Per-protocol analyses for primary outcomes corroborated the statistical significance and clinical relevance of the intention-to-treat results (Table 3), including time
to initial clinical response (Fig. 3). The remaining per-protocol results were generally comparable to the observed intention-to-treat results and, therefore, are not reported herein. The clinical response and relapse profiles of these patients with moderate to severe chronic LBP provide a unique perspective on the short-term outcomes of OMT. Patients who received OMT experienced about twice as much learn more substantial LBP improvement over time as those who received sham OMT. A large majority of rapid responders who were identifiable after one scheduled OMT
session maintained a clinical response to OMT at the week 12 exit visit. Typically, in patients who were clinical responders to OMT at week 12, three scheduled treatment sessions within four weeks were sufficient to cross the 50% pain reduction threshold for substantial LBP improvement. Thus, it appears that relatively few treatment sessions may be needed to attain and predict short-term response to OMT. The large effect size for overall short-term efficacy of OMT was driven by stable responders who never dropped below the 50% pain reduction threshold for substantial LBP improvement throughout the study. With the caveats of limited sample size and statistical power, and originally unplanned analyses, our subgroup analyses yielded findings Interleukin-2 receptor that may help guide future studies in this field. There were very large RRs for Trametinib cost stable clinical response and clinical response at the week 12 exit visit in the subgroup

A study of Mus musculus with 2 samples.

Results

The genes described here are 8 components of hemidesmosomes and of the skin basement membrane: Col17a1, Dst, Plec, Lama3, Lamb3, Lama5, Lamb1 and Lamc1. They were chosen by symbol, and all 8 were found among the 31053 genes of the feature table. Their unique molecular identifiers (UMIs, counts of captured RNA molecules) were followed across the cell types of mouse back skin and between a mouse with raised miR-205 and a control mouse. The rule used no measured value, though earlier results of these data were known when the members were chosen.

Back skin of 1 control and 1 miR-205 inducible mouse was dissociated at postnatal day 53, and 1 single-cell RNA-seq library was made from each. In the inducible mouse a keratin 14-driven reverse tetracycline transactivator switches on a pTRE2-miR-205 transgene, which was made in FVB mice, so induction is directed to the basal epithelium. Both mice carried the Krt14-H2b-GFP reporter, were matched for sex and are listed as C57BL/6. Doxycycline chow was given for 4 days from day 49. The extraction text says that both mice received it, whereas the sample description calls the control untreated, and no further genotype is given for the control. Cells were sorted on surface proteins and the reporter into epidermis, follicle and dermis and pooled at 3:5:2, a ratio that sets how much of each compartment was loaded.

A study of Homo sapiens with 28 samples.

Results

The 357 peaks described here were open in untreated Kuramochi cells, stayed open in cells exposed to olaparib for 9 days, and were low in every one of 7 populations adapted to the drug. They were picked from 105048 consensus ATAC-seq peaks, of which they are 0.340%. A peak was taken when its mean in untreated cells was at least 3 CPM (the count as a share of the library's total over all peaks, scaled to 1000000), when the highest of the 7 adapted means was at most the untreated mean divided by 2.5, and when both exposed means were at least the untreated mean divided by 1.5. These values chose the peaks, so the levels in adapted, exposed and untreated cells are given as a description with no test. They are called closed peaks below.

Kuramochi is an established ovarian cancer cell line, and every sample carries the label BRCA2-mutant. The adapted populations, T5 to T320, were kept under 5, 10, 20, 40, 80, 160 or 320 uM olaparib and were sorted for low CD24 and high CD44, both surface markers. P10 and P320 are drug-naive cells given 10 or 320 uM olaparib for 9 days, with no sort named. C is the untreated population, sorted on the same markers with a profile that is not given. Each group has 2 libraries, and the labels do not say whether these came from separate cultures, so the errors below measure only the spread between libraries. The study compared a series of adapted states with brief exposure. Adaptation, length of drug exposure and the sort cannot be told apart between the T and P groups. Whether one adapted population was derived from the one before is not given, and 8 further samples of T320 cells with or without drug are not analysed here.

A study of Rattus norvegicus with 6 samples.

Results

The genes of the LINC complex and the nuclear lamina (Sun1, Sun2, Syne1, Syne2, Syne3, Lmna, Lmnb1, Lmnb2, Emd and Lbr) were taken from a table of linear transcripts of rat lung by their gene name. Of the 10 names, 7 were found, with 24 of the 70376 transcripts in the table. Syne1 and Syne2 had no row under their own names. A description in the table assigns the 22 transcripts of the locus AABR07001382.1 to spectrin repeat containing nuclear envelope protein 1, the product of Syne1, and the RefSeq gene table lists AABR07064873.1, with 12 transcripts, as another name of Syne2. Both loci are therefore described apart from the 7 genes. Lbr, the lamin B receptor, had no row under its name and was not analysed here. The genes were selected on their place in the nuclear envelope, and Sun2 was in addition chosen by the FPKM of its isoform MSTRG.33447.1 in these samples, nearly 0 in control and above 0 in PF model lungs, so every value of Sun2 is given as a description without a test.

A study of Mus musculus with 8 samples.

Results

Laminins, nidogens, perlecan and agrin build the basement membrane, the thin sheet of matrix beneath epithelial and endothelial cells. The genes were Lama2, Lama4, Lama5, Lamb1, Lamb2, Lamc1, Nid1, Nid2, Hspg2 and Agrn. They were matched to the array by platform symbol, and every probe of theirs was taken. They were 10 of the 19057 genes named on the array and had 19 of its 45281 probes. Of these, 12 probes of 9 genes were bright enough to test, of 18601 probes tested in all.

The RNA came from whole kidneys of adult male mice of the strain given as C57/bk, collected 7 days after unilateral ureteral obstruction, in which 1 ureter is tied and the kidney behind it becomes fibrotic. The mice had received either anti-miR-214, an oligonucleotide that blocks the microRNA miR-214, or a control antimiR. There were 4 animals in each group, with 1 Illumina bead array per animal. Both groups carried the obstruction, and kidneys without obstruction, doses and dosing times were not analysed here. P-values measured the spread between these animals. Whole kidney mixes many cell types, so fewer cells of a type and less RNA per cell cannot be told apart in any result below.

of patients with co-morbid depression vs. those without depression, although patients with depression were more likely to relapse. Other subgroups that consistently exhibited large RRs for stable clinical response and clinical response at the week 12 exit visit, coupled with small RRs for relapse, included those in the 21–39 year age category; current cigarette smokers; and patients with LBP duration greater than one year, greater deficits in back-specific functioning, and poorer general health. Although OMT was associated with decreased need of prescription rescue mediation (RR, 0.66; 95% CI, 0.43–1.00) in the originally reported outcomes of the OSTEOPATHIC Trial (Licciardone et al., 2013b), our present findings suggest that patients who concurrently use non-prescription medication for LBP may experience an enhanced response to OMT and decreased likelihood of relapse. It is interesting to review potential mechanisms by which OMT may exert its treatment effects in light of our subgroup findings. Previous analyses of OSTEOPATHIC Trial data have found reductions in serum tumor necrosis factor (TNF)-α concentration (Licciardone et al., 2012) and remission of psoas syndrome (Licciardone et al.